In many case, and in the ideal world, you would like to have an Excel template that covers both Budgeting (the short-term view) and Business Planning (the mid-to-long-term view). And that makes sense for a number of reasons:

  • The Budgeting manager is often responsible for Business Planning as well
  • The short-term Budget needs to be consistent with the long-term Plan
  • The Budgeting tool needs to integrate with the Business Plan tool.

So rather than using 2 separate tools, having a combined tool covering both Budgeting and Business Planning can solve a lot of headache. Unfortunately, there is no perfect world, and what you gain on one side, you tend to lose on the other side:

  • Budgeting and Business Planning have conflicting objectives: in a Budgeting tool, you want to capture the near future with a lot of details; in a Business Planning tool, capturing the the medium (3-5 years) and long term (7-10 years) view correctly is more important than being precise in the short term. As the saying goes: “It is more important to be approximately right rather than precisely wrong”
  • Standalone Excel templates, for Budgeting on one hand, and Business Planning on the other hand, are always going to be better. Each template can remain totally focused on the problem as stake, and doesn’t have to make compromise.

Another big issue is that Budgeting is inherently a multidimensional exercice. Ideally, you want to capture the following:

  • The time axis: months, quarters, years
  • Multiple products (e.g. voice, SMS, data)
  • Multiple customer types (e.g. Prepaid, Postpaid)
  • Maybe multiple regions (geography)?
  • Maybe multiple business lines (e.g. Mobile, Fixed, Broadcasting, Mobile Money etc)?
  • Cost Centres: anything between 30 and 200?
  • Chart of Account: anything between 100 and 1500 accounts?
  • Maybe multiple users of the budgeting system, with various roles (administrator, contributors etc)?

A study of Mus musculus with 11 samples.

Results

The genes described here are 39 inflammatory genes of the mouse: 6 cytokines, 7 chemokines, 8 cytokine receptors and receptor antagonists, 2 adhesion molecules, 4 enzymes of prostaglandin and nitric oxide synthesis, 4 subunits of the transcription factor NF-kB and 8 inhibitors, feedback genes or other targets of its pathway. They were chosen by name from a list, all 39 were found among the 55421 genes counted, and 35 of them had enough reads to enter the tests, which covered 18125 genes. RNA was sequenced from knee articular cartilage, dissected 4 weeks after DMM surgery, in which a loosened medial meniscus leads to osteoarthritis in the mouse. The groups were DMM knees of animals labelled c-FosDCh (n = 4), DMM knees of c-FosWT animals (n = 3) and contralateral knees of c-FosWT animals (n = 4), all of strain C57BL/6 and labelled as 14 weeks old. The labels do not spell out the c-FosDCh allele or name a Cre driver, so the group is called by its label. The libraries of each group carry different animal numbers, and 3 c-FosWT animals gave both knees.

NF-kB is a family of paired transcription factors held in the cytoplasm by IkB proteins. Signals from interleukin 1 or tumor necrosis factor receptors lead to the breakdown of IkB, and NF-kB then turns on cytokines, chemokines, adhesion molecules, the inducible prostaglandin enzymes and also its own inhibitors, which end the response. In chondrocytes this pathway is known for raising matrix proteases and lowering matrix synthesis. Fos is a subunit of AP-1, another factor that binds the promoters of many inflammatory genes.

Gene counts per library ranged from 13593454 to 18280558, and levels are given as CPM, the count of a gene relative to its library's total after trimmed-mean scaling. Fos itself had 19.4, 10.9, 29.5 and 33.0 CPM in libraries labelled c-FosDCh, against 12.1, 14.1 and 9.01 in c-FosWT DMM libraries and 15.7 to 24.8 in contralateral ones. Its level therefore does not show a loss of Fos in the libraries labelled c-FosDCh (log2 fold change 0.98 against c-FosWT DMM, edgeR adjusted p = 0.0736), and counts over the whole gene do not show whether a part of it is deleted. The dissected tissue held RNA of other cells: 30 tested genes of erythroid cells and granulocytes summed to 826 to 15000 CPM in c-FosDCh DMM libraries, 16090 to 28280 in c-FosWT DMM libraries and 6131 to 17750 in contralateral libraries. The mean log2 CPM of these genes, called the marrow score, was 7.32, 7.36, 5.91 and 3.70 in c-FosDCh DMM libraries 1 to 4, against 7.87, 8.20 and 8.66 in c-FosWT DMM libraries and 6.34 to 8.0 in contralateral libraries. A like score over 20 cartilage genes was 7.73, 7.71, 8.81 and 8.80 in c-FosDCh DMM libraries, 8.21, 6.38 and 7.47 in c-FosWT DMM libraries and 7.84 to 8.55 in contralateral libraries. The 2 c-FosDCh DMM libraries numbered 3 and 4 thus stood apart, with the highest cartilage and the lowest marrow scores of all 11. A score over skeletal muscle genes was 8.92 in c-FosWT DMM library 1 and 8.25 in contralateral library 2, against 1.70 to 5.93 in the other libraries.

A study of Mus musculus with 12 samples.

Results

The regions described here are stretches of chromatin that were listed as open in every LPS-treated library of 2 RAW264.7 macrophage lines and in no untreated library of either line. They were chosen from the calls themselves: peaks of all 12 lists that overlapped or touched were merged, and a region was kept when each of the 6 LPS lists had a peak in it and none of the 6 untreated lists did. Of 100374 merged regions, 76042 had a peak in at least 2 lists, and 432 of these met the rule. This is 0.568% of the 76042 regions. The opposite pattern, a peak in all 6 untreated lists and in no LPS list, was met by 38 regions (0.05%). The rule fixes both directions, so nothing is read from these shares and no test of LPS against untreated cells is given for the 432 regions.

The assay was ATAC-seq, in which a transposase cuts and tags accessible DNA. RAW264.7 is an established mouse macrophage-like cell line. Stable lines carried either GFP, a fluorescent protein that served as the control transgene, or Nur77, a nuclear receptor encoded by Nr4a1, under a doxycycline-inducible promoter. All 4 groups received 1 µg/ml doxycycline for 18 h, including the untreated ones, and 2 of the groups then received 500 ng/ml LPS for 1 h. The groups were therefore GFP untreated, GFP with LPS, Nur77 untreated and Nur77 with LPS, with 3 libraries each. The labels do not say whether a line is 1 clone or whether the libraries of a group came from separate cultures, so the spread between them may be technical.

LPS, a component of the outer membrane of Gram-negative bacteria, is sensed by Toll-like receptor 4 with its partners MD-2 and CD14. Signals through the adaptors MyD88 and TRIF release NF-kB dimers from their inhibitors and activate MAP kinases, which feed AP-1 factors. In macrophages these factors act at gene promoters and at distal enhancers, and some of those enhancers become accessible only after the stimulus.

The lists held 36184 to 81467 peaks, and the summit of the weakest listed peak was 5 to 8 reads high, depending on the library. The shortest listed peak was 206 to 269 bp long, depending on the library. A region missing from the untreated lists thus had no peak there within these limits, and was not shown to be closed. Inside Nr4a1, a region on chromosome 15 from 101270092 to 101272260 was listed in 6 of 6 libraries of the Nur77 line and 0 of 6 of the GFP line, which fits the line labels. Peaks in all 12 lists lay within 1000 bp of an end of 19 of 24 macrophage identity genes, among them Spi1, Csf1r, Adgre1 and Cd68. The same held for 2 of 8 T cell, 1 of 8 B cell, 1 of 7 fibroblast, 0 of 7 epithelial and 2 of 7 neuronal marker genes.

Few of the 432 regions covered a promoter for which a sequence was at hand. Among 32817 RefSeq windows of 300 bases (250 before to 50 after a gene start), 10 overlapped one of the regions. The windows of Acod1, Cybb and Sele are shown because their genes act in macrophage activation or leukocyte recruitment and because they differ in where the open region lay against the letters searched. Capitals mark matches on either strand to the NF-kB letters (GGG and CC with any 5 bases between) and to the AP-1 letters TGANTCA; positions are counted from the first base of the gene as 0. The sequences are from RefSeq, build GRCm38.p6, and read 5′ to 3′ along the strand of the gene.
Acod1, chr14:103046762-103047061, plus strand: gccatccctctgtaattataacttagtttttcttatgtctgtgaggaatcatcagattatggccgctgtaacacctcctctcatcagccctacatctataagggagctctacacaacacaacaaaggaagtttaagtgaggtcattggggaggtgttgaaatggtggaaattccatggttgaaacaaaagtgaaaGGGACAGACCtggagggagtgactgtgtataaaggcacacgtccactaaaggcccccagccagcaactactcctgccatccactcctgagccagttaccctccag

• Integration of the Budgeting system with your ERP? With automatic data import as well?

Unfortunately, Excel is neither a database, nor a multidimensional database. So you have to make multiple compromises, to keep your Excel Budgeting tool manageable. The template below is the result of a number of trade-offs, in particular:

  • We have excluded Cost Centres and Chart of Accounts. Including them can make a Budgeting tool in Excel cumbersome, even with few Cost Centres (10-20) and few accounts (100).
  • We have excluded geography.

On the other hand, we have retained the following key elements:

  • The time axis includes months, quarters and years
  • Multiple products are captured
  • Multiple customer types are captured
  • Budgeting and Business Planning are integrated in one single template

If you need a template with Cost Centres and a Chart of Account, you might want to check the Short-term planning and forecasting template, or the Integrated Short-term and Long-term Planning template.  Both contain a cost centre structure with 20 cost centres, and a CoA structure with 300+ accounts.

Feel free to contact us if would like a demo of the template before subscribing. Alternatively, download the Budgeting and Business Planning Excel template now!

This content is for Budgeting and Forecasting and Business Plan Advanced members only.